What does it mean to be digitally literate?
Has anyone ever thought about digital literacy? I’m sure at one point or time in your life you have been asked about your computing skills (and no I’m not talking about math skills). People in the working world expect you to be able to go out into the business corporate world and understand the language of technology and computers. Yet unless you are in the field of computer science, or maybe are fortunate to be in a business program that talks about websites and coding and “computing,” I doubt you have much of a background in the basics of computing. We are currently in a technology revolution, where tech is changing each day and becoming far more advanced each year. Can you even remember an age without computers, or even smart phones? One of the biggest qualities looked at in new people companies are hiring is digital literacy.
“Can you operate the Microsoft Word suite?”
“How are your Adobe skills?”
“Are you active on social media?”
“Can you edit a website?”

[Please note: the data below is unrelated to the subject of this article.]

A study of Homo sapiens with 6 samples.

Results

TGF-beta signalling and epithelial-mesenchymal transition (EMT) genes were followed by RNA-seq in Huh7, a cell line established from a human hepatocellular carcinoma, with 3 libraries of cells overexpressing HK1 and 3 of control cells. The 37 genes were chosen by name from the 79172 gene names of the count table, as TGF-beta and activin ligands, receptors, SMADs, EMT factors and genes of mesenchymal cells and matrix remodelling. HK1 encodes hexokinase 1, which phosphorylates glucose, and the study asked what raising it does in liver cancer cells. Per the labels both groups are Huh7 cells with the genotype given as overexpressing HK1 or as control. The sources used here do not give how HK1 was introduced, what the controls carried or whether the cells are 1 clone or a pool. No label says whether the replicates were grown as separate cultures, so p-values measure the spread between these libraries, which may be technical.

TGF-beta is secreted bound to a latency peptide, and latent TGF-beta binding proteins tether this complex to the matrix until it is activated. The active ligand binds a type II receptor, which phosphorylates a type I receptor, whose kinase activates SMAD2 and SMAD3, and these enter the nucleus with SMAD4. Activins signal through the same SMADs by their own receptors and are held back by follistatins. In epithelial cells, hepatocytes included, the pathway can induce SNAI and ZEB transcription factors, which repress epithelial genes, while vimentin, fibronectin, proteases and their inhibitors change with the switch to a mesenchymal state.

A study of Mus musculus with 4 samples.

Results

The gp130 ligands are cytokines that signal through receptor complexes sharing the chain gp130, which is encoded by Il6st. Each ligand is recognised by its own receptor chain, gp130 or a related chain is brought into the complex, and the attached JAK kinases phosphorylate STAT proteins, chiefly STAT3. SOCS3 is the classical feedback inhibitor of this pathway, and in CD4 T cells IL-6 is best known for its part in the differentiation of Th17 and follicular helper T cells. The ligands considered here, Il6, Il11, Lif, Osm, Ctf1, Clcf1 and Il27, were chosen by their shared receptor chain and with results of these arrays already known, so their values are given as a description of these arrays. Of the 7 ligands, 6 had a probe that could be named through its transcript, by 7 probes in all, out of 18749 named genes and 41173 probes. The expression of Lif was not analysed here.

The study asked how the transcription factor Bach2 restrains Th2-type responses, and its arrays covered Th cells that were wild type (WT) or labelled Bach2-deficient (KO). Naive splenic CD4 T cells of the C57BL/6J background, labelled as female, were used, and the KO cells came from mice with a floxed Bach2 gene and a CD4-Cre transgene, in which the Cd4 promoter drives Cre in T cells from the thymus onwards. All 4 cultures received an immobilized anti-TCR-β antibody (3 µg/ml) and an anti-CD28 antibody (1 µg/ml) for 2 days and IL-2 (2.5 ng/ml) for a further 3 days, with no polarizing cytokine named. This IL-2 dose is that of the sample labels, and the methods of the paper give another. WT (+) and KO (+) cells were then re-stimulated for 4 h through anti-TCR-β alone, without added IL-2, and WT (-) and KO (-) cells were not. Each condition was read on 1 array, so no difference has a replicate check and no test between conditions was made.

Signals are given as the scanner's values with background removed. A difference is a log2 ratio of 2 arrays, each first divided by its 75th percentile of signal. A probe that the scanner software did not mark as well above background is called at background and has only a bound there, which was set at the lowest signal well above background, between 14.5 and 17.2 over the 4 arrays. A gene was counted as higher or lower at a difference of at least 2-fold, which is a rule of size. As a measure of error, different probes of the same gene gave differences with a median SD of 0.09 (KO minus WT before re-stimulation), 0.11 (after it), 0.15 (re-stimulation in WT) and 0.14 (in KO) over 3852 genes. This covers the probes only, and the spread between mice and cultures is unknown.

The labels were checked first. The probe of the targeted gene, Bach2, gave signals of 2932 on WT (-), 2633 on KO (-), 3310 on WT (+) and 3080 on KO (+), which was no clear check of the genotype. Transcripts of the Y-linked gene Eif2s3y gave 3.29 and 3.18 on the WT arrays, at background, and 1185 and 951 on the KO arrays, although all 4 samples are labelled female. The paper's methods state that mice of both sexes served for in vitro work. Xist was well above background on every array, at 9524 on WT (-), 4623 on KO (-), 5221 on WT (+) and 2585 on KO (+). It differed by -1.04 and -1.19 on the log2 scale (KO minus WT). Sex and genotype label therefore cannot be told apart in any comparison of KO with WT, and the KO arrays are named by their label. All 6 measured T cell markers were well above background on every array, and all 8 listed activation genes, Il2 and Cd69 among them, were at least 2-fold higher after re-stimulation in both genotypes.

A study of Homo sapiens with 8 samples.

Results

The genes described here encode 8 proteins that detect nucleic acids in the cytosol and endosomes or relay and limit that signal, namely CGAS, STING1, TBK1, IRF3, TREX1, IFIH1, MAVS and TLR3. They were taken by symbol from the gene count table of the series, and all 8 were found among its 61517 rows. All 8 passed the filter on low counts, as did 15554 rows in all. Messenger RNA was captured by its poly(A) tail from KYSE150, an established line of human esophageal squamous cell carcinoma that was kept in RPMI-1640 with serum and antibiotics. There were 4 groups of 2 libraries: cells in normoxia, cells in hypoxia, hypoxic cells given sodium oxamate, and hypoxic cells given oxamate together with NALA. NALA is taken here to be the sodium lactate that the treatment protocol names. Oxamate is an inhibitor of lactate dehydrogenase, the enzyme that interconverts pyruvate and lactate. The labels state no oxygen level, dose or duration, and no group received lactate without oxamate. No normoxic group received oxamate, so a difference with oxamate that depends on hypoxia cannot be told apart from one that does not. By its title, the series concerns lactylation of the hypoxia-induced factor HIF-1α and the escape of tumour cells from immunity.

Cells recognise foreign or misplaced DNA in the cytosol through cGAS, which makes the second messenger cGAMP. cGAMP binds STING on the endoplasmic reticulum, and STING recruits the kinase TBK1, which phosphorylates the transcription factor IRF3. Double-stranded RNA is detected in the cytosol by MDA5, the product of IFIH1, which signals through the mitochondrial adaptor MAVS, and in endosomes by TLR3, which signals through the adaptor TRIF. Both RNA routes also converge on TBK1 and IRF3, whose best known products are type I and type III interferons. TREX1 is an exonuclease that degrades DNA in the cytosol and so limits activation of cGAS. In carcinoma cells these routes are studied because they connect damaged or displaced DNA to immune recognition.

All of these skills are important for landing that all important first internship, first job, first try in the big adult world that us young college graduates are being tossed into right after graduation (maybe even during if your trying to get into a graduate program). We are told that grad schools look at our grades, our degree, examples of our coursework, our involvement on campus, but most importantly, they look at real world experience.
“What kind of jobs have you worked?”
Well, without some digital literacy, probably few, or at least none that are particularly impressive, maybe a job my parents or friends of parents scored for me.
So why do colleges not include a digital literacy component to their degree requirements? It could be an easy semester long class that teaches the important basic computing skills that everyone could benefit from and use in daily life.
In a world where everything is advancing so quickly, doesn’t it make sense to teach this skills to young adults? Wouldn’t it help them make their way out into the workforce and make this scary leap seem….less scary?